Having an online savings account is a smart move in today’s economy. Are you confident you are getting the maximum return on your savings? Below I outline three reasons why having an online savings account makes smart money sense in our current recession.
Having an online savings account allows your money to work harder
Keeping your savings in your local bank means quick access, but for the majority of small savers, it also means that your money isn’t working as hard for you as it could be. For instance, my credit union currently offers a .50%APY on savings, yet ING’s interest rate for an online savings account is nearly triple that at 1.40% APY . It makes smart money sense to have long-term savings at the highest yielding bank. Is convenience worth cutting your potential interest by one-third? Transferring money back to your checking account generally only takes 2-3 days, which leads me to the second reason why having an online savings account makes good financial sense.
If your money is housed in an online savings account, you are less tempted to spend it foolishly
If it typically takes 2-3 days to transfer money from an online savings account back to a checking account, then you are less likely to spend your money on things you do not truly need. Having to wait a few days means that you have to think long and hard about why you are raiding your savings account. Out of sight, out of mind is the key phrase here. If you tuck money away in an online savings account with full knowledge that it isn’t immediately accessible then you remove the temptation to raid your savings account to pay for things you don’t really need. Tucking a few dollars a way each pay check will help you build a fine nest egg for the future, not to mention a plump resource for rainy day emergencies.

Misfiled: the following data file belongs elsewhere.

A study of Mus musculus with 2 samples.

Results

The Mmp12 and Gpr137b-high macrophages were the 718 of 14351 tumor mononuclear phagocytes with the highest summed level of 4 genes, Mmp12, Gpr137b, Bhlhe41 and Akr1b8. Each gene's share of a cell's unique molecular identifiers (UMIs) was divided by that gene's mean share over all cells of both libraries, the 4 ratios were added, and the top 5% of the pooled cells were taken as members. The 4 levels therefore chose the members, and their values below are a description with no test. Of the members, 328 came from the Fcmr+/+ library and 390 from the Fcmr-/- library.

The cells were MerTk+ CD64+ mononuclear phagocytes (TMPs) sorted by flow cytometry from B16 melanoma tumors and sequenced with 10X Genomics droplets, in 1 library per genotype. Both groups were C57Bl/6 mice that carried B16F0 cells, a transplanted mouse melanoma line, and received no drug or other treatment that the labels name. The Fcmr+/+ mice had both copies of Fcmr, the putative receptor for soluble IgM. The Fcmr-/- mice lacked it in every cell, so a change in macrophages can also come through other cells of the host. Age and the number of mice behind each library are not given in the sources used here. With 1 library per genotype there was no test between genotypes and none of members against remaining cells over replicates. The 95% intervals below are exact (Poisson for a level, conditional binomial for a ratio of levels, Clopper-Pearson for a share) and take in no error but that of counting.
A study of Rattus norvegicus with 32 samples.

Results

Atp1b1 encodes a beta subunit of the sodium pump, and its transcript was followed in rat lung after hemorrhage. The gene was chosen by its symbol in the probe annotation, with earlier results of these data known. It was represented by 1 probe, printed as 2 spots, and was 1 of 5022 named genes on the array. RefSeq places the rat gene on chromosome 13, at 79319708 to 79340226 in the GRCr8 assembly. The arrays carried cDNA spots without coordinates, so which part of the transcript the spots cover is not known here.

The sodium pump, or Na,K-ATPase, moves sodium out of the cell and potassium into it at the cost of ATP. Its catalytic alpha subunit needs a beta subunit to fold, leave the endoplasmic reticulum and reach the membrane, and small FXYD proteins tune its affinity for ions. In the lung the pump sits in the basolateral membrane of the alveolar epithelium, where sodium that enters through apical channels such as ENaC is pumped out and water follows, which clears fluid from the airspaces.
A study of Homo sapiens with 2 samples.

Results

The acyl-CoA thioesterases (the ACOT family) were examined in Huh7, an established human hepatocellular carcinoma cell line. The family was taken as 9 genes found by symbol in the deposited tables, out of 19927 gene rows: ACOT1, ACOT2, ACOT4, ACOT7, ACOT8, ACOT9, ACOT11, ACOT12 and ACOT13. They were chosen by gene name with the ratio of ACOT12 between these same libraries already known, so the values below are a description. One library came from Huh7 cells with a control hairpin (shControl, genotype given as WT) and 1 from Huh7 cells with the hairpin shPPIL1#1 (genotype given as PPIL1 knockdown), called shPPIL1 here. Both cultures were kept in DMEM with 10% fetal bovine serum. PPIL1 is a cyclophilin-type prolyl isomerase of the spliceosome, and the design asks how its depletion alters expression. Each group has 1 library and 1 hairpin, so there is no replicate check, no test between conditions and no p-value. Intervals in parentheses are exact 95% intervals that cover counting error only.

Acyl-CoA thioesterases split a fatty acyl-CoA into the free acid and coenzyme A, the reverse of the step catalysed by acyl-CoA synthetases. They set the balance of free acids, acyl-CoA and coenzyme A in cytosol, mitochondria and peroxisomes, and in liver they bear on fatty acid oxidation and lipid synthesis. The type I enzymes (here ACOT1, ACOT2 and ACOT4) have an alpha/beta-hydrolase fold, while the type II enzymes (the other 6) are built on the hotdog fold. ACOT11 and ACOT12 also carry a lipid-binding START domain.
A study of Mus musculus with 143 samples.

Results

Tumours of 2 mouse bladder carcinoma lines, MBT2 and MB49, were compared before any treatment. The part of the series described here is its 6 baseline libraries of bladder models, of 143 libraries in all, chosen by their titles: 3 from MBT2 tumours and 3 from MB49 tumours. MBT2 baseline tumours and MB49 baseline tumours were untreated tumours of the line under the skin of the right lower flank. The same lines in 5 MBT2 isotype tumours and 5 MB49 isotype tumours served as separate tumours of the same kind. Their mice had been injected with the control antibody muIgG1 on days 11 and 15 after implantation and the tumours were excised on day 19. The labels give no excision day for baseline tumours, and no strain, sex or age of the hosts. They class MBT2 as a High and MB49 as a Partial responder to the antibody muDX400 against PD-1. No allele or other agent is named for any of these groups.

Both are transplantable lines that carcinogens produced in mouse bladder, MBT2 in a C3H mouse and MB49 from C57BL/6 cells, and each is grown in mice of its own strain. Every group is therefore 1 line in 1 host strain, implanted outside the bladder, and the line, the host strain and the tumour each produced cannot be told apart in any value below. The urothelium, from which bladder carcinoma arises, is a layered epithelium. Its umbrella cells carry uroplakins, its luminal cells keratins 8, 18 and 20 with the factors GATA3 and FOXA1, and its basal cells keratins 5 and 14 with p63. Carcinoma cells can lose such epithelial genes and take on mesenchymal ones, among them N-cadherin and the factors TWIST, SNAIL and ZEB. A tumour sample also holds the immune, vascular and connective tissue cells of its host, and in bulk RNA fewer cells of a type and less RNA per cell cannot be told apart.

Online savings accounts are friendly to those who make small deposits
Each time you visit the teller line or drive-thru window, you cost the bank money. Someone has to man the desk and that someone isn’t cheap. Banks pass costs along to consumers by way of astronomical service fees and also enforcing account minimums. I recently made the rounds at 3 banks in my town only to find that none of them catered to small savers. Each bank required a set amount of money to open a savings account, with the lowest requiring $100 to open and limiting me to just 6 transactions per month. Falling below $100 at any time would mean a maintenance fee. One banker even suggested that I open up a non-interest bearing free checking account to use as a savings vehicle until I could meet their $250 requirement to open up a savings account!
Yet a good many banks online do not charge such fees, nor do they require a specific amount to open an account, which makes them friendly to those who don’t have a lot of money to save in today’s economy. Online banks such as ING Direct and HSBC Direct do not charge monthly maintenance fees. You can open an account with as little as $1.00 and both banks are FDIC insured.